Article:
WWE Hall of Famer The Undertaker was not satisfied with his one-man show performance during Survivor Series Weekend back in November, but he’s adjusting to this new part of his career.
Taker held his fifth “UNDERTAKER 1 deadMAN SHOW” back in Boston during Survivor Series Weekend in November, at the Big Night Live venue. It was noted by Sports Illustrated’s Justin Barrasso that after a string of four highly successful one-man shows by Taker, where he left the crowd inspired and hungry for more, the Boston show failed to hit the mark.
Taker recently spoke with Barrasso and confirmed that he was not happy with the performance.
“I went too long in the beginning,” Taker said. “Part of the show dragged on too long. The first few shows almost came too easy. I wasn’t happy with parts of this one.”
While the show was not considered a bust, Taker admitted he was going to lose sleep over the performance, until he has a chance to redeem himself at the next show, which will be held tonight at the Tech Port Center & Arena in San Antonio, one night before the WWE Royal Rumble.
It was noted that the “disappointing outing” in Boston included a few patrons who repeatedly shouted out their opinions from the crowd. Taker vowed to be better in San Antonio, and he reflected on what happened, and what went awry.
“I’m trying to give people the layers and stages of my life that brought me to where I am now,” Taker said. “It’s a very limited audience, and I want to make it special. I want people to leave being blown away. Especially with my character, who hardly said a word for 30 years, I want people to think, ‘I can’t believe all that was going on.’
“I want to make people think. I want them to believe in themselves. I want to entertain, but also use my experience to show that anything is possible. My story exemplifies that. I was told, at every turn, I wasn’t good enough. Yet look at the final product. Hopefully that gives people inspiration to battle through in their own lives. The tricky part is telling the right stories in the right manner. It’s just like putting together a match.”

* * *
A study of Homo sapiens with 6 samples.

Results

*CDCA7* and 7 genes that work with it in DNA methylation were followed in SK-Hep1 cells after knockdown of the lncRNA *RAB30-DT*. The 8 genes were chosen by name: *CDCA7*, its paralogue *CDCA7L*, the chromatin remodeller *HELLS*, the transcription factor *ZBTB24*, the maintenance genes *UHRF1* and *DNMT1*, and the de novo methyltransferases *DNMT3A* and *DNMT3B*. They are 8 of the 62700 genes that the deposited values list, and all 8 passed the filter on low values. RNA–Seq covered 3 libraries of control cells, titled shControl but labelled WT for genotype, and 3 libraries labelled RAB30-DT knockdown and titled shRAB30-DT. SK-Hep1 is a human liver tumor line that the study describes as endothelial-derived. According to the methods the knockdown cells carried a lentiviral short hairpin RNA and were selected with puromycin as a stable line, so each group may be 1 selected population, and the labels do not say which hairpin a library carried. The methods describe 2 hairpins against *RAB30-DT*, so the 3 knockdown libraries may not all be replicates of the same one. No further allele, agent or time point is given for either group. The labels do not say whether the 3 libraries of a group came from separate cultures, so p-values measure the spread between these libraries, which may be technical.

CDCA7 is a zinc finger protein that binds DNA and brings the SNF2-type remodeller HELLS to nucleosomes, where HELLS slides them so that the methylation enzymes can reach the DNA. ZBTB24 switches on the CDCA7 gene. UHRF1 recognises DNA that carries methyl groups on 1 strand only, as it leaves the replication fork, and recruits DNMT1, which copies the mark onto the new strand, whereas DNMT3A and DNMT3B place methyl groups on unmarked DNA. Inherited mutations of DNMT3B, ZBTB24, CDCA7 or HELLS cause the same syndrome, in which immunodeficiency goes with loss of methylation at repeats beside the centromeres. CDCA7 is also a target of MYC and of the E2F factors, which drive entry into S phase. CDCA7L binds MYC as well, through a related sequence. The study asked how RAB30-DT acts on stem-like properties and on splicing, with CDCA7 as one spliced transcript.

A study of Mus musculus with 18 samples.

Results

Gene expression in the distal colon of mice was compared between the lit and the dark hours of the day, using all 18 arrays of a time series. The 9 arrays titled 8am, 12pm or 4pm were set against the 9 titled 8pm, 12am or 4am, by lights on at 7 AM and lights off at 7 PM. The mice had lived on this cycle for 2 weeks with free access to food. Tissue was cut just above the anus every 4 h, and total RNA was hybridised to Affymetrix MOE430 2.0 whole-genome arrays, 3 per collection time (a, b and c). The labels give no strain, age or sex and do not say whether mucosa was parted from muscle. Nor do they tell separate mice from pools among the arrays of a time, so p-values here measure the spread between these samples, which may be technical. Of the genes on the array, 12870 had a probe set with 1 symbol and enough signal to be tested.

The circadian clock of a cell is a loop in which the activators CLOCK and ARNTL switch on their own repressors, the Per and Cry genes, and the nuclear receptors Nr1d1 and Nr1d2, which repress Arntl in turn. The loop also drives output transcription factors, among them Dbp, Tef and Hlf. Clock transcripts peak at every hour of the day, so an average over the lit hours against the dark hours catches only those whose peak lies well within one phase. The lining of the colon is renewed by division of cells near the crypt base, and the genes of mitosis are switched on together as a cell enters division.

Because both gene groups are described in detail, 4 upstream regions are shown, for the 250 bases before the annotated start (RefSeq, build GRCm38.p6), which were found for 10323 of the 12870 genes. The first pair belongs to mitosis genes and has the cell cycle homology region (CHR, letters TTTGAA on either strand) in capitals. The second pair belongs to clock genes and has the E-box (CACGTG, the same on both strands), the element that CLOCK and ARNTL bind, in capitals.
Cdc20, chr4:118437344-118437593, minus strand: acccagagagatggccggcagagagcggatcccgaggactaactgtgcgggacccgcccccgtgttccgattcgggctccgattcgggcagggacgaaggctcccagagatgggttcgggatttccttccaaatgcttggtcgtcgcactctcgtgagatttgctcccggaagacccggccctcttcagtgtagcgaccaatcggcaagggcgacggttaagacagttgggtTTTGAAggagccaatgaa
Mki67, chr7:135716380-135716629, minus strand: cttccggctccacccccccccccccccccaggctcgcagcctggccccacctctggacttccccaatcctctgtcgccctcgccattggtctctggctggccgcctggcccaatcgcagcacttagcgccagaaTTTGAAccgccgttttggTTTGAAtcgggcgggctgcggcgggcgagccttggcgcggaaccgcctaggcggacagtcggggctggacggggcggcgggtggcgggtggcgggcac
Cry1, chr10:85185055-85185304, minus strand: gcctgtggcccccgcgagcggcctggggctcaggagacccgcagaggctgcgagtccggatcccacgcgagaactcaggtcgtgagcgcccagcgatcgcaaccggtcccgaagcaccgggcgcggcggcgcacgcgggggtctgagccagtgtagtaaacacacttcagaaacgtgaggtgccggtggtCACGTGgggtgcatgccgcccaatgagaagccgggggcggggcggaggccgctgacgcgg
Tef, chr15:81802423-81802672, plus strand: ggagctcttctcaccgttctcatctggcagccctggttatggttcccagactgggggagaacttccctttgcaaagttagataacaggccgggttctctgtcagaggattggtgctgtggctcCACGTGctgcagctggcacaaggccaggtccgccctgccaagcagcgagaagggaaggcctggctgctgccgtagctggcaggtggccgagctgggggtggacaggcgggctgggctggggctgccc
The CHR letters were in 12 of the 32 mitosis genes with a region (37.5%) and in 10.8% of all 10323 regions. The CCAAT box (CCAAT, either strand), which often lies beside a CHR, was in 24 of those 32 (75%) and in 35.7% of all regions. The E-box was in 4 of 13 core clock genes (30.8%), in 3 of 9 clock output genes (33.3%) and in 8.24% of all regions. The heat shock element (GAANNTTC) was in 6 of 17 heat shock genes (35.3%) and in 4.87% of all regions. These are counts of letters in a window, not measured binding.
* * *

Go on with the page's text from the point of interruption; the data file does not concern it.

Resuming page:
Barrasso pointed to how Taker mastered the art of story-telling during his career, and he was able to flourish in practically any setting. Now he’s performing in a different forum, and a man whose character was largely built around stoic silence is now onstage telling stories for a living. There was bound to be a learning curve, despite his passion and charisma, and that lack of seasoning was clear in Boston. The 57-year-old Taker commented on being a rookie once again.
“It’s all new again,” Taker said. “By the end of my career, I had an answer for everything. There was nothing that could happen I didn’t have an answer for. People could ask me questions, and I’d have an answer for them, too. Now it’s starting all over again. It makes it a new challenge. I’m a greenhorn again.”
Taker returned to WWE TV this past Monday for the RAW 30th Anniversary show, working an in-ring segment with LA Knight and Bray Wyatt, who he shared a private-but-very-public in-ring moment with. This was another reminder that the wrestling ring is a second home for Taker, and while that is not yet the case for his one-man show, history strongly suggests that he will not be remotely content until it is. Taker commented on his process behind the one-man show, and said he won’t make the same mistakes tonight.
“I have a new way of ‘putting my match together,’ a whole new kind of deal,” Taker said. “I know I need to involve the layers that led me to where I am, but I also understand people want to hear about wrestling. The show in Boston was a learning-curve experience. I can’t wait for San Antonio. It’s all about storytelling. That show wasn’t my best, but I’ll learn from it, and I won’t make the same mistakes in San Antonio. People deserve my very best. I’ll always strive to be better.”